This post has been the hardest to write. Not because I don’t have anything to say on the subject. God knows that I am an expert in the mundane routines of life. It has been difficult because it keeps changing shape. Once I think I’ve got a hold of what needs to be written, it changes. But that, I suppose is the irony in the mundane: It is routine only until it is replaced by another routine.
But that is philosophy for another day. I’m here to talk about being thankful for the mundane. Those moments that are neither valley nor mountain peak. It seems to be harder to remember thankfulness here. We are just taking the next step or grabbing the next handhold. How do you say thank you for that? Let’s bring it down to reality and out of metaphor: How do you say thank you for the 798th load of laundry?
It is a hard topic to pin down, until it is disrupted. When our routine is disrupted by excitement or illness or fear or loss, it is easier to look back and be thankful for the day when all we had to think about was the next thing on our list. I know I have been there. When I sit in fear of the next huge thing happening in the world, I find myself wishing for the routine. I want to only be worried about the dishes.
But then, it all falls back into a routine again and I forget to be thankful for the dishes.
Be thankful for the routine.
Be thankful for the mundane.
Be thankful for the walk.
Not just when you are faced with no longer being in the routine or the mundane or the walk, but right now, while you live it.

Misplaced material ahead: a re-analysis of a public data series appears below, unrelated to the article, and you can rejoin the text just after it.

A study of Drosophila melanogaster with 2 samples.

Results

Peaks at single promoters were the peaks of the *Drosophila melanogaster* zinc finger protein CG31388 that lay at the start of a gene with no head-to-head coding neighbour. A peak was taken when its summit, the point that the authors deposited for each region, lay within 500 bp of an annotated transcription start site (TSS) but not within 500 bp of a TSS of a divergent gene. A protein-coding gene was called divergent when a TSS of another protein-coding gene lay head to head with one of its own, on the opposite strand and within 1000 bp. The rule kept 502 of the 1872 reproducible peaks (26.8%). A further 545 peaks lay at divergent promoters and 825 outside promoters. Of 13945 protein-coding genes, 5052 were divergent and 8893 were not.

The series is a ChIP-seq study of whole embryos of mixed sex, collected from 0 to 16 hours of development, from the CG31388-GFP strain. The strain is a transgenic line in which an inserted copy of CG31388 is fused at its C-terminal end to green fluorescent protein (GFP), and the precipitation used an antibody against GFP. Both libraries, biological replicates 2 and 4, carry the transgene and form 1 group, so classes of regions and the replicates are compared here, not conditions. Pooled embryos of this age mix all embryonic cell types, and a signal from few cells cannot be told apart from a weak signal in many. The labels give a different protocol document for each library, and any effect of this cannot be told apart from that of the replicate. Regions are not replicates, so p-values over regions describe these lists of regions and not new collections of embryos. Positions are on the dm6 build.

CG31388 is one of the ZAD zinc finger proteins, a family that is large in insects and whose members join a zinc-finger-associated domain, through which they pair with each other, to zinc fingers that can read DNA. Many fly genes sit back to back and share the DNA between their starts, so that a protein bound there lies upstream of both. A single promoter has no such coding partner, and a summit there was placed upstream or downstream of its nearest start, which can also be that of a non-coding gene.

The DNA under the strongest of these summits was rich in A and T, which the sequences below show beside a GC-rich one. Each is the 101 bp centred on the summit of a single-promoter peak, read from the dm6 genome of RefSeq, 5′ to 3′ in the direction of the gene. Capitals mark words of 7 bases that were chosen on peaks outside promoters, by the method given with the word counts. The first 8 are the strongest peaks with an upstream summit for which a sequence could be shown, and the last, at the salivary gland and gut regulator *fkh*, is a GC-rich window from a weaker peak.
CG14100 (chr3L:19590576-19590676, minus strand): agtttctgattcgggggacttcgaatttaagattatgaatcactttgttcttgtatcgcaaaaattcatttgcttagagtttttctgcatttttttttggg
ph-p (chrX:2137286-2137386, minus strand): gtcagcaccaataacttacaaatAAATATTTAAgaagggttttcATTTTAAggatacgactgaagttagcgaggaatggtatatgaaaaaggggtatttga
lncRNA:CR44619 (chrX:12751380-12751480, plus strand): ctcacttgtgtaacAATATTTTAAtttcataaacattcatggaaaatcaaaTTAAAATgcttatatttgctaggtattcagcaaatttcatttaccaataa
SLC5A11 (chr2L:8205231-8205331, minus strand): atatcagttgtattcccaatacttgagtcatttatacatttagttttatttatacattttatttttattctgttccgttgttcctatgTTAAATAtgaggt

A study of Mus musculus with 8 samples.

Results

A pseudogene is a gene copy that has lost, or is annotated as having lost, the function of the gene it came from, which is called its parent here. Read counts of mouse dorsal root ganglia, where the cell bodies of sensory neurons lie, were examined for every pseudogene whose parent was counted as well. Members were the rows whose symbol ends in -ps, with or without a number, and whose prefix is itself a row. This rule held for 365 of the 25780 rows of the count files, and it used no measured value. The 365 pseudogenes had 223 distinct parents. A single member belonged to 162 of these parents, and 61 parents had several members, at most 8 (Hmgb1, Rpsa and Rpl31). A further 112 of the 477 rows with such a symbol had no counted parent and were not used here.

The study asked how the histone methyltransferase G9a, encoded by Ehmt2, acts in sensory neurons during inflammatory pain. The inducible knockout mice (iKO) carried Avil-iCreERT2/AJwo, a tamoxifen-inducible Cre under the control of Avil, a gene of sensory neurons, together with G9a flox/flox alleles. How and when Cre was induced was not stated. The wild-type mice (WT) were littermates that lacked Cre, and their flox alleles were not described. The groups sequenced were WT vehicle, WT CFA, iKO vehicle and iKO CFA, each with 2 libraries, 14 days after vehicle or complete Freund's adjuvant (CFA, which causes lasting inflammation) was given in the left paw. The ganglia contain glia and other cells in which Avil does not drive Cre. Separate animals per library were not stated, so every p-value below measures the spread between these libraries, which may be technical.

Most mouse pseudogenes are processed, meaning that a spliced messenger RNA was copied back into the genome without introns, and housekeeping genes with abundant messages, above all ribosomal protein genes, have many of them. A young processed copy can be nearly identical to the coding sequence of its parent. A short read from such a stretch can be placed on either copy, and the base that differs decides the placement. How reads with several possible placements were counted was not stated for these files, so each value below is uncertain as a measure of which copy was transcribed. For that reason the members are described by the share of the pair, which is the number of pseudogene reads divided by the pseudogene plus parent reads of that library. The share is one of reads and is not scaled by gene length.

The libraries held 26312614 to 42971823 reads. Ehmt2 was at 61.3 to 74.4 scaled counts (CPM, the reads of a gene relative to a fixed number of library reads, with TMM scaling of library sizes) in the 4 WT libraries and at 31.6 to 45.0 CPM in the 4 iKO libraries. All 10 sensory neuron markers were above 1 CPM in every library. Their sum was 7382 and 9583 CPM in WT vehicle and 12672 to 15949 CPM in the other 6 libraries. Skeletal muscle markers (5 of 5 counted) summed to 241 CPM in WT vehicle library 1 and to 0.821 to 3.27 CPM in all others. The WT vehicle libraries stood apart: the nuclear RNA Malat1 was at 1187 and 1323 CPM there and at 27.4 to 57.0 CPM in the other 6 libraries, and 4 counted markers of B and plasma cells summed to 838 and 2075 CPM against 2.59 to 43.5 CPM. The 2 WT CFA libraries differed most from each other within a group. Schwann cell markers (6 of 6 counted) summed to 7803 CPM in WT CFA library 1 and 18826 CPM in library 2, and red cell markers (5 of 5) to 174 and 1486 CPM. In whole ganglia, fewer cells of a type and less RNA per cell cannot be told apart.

There is a book I was given recently that really has shaped my perspective on all of this. It is written by an author who had the choice, and as the world says, the right, to fall into bitterness and anger and to feel slighted by the world; but she didn’t. This woman, Elisabth Elliot, has so much to speak into our lives about suffering and loss and about joy and gain. But then, in the middle of all of that she hits me with this quote:
“When I get up in the morning I do try to make it a practice to do some of my praying first thing in the morning. It’s a good thing to talk to God before you start talking to anybody else. I try to begin my prayers with thanksgiving. There’s always a long list of things for which to be thankful. One of them is I can get up in the morning, that I can be in a comfortable place, looking out over a very beautiful view. I thank God for the sleep of a night, for health and strength and for work to do.” –Elisabeth Elliot ‘Suffering is Never for Nothing’ (2019 B&H)
Some of you know who Elisabeth Elliot is, some of you do not (I guarantee it is worth looking her up), but suffice it to say, she knows what loss is, she knows what joy is, she knows what it is to walk with the Lord and live life thankfully. In this brief sentence she brilliantly states what I have been trying to say here. Live in thankfulness, even when every day is very much the same.
Do you remember a movie called “Groundhog Day” with Bill Murray? Probably a movie you should watch on ‘Family View’ filtering if you plan to watch with the kiddos. The jist of the movie is this: a weather man gets stuck in a small town reliving the same Groundhog Day over and over until he gets it “right” but no one is there to tell him what “right” is so he has to stumble about on his own finding out every aspect of that particular day. By the time he gets to move on to February 3rd, he has begun to appreciate all of the things that he took so for granted before the time loop started.
Sometimes I feel stuck in the same day as well. I know I’m not really stuck in the same day, but you get my feeling. In order for me to get out of my rut and feel like I’m moving somewhere I have to find a way to be thankful for each tiny aspect of each day.
It is more difficult to keep up thankfulness when we are moving through the routine, and because it is more difficult it is more important to make it an intentional thing.
What every day routines are you thankful for today?